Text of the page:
How to keep up in the 'new' merchandising world

The mainstream licensing industry and many high-profile brands are failing to provide their consumers and fans with what they want in apparel merchandising.

As e-commerce changed our expectations of delivery at the turn of the millennium; now social media and gamification has changed consumers’ expectations again. Consumers expect the ideas and messages they are interested in to be immediately available in fits, sizes and colours that suit them.

Old style merchandising, of pre-deciding this year’s message, colour and base product approved through layers of licensing control, no longer works. The consumer demand is now faster than the brand and the licensing sector is far behind the curve of listening and reacting to their consumers.

The early winners are celebrities and smaller brands who use social media and customisation to adapt apparel messaging and styles to immediate customer needs. They are taking advantage of disruptive print-on-demand, white label platforms like Spreadshirt. These winning properties are able to address three interconnected elements: conversation, merchandise and quality.


High-profile brands claim to understand the two-way conversation that social media has created with their fans, but when it comes to merchandising they are still frightened of what might happen if they let go of the tight strings which tie-up their brand image.

Successful brands and celebrities have learnt to use their fans’ insights and social media reaction to determine exactly what their consumers want. They use print on demand and customisation techniques to change their messaging as much as daily, or to make each merchandising item unique.

One way to address this is to expand the existing Twitter or Facebook conversations to include suggestions for new, perhaps limited edition, designs or slogans. Brands can listen to what their advocates want and use customisable merchandise to support online campaigns, bringing them to the street, bar, school or workplace. In a recent Dr Pepper Always One Of A Kind campaign, consumers were invited to display their uniqueness on a t-shirt. The whole advertising campaign revolved around the revelling of this quirky information - I’m a Cougar, I’m a Momma’s Boy, I’m a Rebel - via Dr Pepper branded, customised t-shirts. This meant brand champions got say exactly what they wanted.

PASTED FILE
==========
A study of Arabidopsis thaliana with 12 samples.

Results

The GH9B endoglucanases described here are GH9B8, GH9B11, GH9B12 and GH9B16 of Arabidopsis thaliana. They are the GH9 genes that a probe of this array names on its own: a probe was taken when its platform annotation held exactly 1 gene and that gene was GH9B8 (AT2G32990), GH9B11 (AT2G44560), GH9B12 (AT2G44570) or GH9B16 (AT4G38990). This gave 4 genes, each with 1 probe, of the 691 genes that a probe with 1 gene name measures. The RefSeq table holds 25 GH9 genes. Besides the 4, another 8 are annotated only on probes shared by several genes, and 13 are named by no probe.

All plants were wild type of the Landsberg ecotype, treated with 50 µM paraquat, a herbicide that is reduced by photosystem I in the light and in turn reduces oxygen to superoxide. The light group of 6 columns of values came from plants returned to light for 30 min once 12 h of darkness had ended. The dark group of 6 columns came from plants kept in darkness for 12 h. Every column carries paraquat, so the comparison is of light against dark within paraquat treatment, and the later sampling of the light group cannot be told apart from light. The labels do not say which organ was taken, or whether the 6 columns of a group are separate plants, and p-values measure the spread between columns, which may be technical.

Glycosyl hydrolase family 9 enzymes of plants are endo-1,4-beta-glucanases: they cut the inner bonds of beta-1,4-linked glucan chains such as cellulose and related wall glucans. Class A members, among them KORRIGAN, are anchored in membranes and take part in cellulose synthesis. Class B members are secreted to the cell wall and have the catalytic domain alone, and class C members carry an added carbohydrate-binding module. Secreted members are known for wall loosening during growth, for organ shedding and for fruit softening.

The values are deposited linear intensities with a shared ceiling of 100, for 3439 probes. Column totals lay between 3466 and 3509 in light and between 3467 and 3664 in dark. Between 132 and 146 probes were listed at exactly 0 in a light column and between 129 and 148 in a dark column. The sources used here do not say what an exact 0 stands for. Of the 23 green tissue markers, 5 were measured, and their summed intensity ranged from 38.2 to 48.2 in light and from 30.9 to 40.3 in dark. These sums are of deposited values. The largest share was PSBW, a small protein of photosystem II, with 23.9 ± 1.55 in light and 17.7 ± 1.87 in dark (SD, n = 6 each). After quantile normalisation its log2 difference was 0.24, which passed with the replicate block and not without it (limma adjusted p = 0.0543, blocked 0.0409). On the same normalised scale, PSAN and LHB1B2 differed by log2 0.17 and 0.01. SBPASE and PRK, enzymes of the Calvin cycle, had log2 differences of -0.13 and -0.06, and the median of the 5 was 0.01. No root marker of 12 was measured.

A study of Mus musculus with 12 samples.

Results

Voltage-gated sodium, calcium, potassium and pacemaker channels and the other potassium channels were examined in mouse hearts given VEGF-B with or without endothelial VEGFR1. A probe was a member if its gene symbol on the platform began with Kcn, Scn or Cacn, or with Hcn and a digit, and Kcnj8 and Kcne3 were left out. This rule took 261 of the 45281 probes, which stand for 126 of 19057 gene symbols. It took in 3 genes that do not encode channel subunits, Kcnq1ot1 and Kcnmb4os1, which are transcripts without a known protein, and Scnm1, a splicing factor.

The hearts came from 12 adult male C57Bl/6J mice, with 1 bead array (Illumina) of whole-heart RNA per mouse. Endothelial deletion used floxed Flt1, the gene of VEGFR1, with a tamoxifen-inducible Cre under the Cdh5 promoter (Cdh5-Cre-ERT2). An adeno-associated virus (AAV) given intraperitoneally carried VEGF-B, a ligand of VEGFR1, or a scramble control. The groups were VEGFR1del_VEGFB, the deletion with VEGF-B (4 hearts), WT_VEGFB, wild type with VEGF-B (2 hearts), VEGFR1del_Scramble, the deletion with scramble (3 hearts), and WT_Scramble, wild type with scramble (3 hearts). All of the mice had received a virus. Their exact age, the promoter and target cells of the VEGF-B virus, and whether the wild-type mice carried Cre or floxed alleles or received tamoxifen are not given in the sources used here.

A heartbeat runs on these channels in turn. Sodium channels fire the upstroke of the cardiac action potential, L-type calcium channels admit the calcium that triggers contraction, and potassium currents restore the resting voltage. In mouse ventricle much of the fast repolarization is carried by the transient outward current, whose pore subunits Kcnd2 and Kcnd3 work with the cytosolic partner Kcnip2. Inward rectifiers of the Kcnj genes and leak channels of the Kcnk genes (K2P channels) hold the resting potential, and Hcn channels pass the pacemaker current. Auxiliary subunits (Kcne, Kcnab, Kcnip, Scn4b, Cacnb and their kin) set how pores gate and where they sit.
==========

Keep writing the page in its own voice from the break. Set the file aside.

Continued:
As society has gone more casual, the consumer demand for choice has gone up. The days of the cheap promotional XL mens t-shirt, to be worn at home are gone. Consumers want products that can be warn to work or as part of an outfit.

Far from being a bolt-on extra, insightful brands are now using every day apparel merchandise as an integral part of their campaigns. Print-on-demand technology means each t-shirt, hoody, bag, apron or even babygrow, can be created as it is ordered. This means that brands can test ideas out. They can discover which designs work best and what sizes their fans buy, without having to second-guess.

US TV star Evelyn Lozada, discovered that although her designs sold well, her fans were choosing t-shirts with more coverage, rather than the vest tops she proposed, leading her to develop some suitable designs. At the very least, customers can now choose merchandise in a style, size or colour to suit them. This turns your merchandise into everyday wear, which will also mean your message is seen in places traditional marketing channels cannot reach.


This new level of engagement with fans requires a high level of quality in the final product. Customisation options give people a hand in creating the product, state-of-the-art printing processes and top quality clothing means that the item is likely to be treasured and worn at any occasion.

To be sure of the quality, work closely with your supplier. Satisfy yourself that your merchandising supplier understands the importance of flexibility, and has the processes in place to enforce it. Test the service of existing licences not on your internal approval teams, but on fans and see if they actually want to wear the product.

So what can a licensing company do to improve its merchandise offering? In short, introduce flexibility in processes that allow the brand to react to fans needs rapidly. Licensors are missing out on the opportunities which new merchandising techniques combined with clever marketing strategies can offer. Loosening up and allowing your key advocates some freedom could be a game-changer. In five years’ time it’ll be a very different place.